Even though I run a digital marketing agency, I have a love/hate relationship with placing the word “digital” in front of everything we do. The reason for this incongruity was best expressed by Claire Knapp in her eloquent post titled “There is no such thing as digital marketing. There is only marketing.”
I agree. But even today, as the Internet turns twenty, we are still in a transitional stage where digital proficiency can’t be assumed when hiring a marketing agency or job candidate. Thus, the lingering need to preface everything with the word “digital” — including our current posting for a digital marketing strategist. At first, we discussed simply naming the position “marketing strategist.” Over the past week, however, we had a change of heart. After a little reflecting we realized that the traditional marketing strategist has evolved in recent years into a new species of strategist that requires its own moniker.
Our European office hired its first dedicated digital marketing strategist about six years ago. So, last week when the Swedish team decided to hire another, I told our content manager to just post the job description we wrote in 2009. Fortunately, she ignored my advice and, instead, asked our senior digital marketing strategist to write down exactly what she did every day. The list surprised us.
As you might imagine, the job description from 2009 bears little resemblance to the work our digital marketing strategists do today. Six years ago, the role in my agency was very neatly defined as analyzing the global web presence of brands, then making recommendations. However, our digital marketing strategist was not big on job descriptions and simply did what needed to be done. As a result, her position has expanded incrementally every day since. Today, she seems to be involved, one way or another, in almost everything we do.
That made sense to me, since nearly everything we do involves digital, marketing, and strategy. What made less sense was how one person could do all these things well. Would it even be possible to find another? I was concerned that we had created a position so tailored to the unique skills and personal nuances of our senior strategist that no one else could fill it.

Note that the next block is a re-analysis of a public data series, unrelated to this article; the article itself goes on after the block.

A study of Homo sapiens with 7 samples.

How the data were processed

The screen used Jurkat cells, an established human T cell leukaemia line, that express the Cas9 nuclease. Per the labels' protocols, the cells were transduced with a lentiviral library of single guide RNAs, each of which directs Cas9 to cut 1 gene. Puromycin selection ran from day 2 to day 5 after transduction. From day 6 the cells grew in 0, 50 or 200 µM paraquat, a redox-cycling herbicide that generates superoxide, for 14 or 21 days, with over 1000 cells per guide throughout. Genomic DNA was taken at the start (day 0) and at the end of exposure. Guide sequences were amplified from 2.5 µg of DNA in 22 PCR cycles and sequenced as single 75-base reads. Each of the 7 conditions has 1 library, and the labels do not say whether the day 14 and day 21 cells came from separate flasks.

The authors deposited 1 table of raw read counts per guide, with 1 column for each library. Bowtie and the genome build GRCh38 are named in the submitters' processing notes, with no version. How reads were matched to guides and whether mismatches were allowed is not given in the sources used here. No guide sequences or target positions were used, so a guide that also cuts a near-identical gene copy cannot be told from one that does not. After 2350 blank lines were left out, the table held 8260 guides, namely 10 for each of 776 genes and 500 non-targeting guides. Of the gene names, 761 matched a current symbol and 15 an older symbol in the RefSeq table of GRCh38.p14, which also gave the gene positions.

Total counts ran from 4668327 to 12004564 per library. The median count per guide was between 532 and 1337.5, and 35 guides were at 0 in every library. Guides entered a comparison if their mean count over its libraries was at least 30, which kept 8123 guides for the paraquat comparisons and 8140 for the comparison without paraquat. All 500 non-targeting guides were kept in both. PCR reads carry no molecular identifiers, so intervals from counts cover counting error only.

Online learning site Chegg defines Marketing Strategist as “someone who analyzes data to figure out the best way to promote a product or obtain customers.” This is very close to how we defined the role of our first digital marketing strategist. It’s a long way from where the role is today. So it’s not surprising that such a different role would require a different skill set. I think it also requires a different mindset and temperament.
A post by Harvard University’s Chief Digital Officer, Perry Hewitt, put this in perspective. Perry describes digital marketing today and the six traits that define top-performing digital talent. She advises to hire people who are omnivores, not vegans. She explains: “Digital is part technology, part content strategy, part marketing art — and science. People who very strongly identify with only one piece of the equation will struggle on a high-performing digital team.” I believe it’s this omnivorous trait that makes a great digital marketing strategist and also what makes them rare.
Then there is the fact that digital is evolving at a dizzying pace. That has implications for the type of person who is even able to keep up. When marketing strategists only had a handful of traditional media channels to contend with, they could be picky eaters and still perform in their job. With digital weaving its way into practically every aspect of our lives, it not only takes an omnivore, but a voracious one at that.
So, in this case, I feel the addition of “digital” to “marketing strategist” is not a waste of pixels. Digital marketing strategists today have earned the seven extra letters in their job title. If you feel you’ve earned them, feel free to get in touch.
Sean Duffy is a founder of Duffy Agency, the digital marketing agency for aspiring international brands. Sean has over 25 years of experience working with strategic marketing in Boston, San Francisco, Stockholm, and Copenhagen. In addition to his involvement with Duffy Agency, Sean is a frequent speaker on strategic international marketing and online brand management. He serves also as Lecturer and Practitioner in Residence at the Lund University School of Economics & Management and as Mentor in their Masters Program in Entrepreneurship. Sean is an active member of TAAN Worldwide where he has served two terms as the European Governor. He is also a speaker, blogger, Twitterer, and is on LinkedIn. With offices in Malmö and Boston, Sean splits his time between Sweden and the States.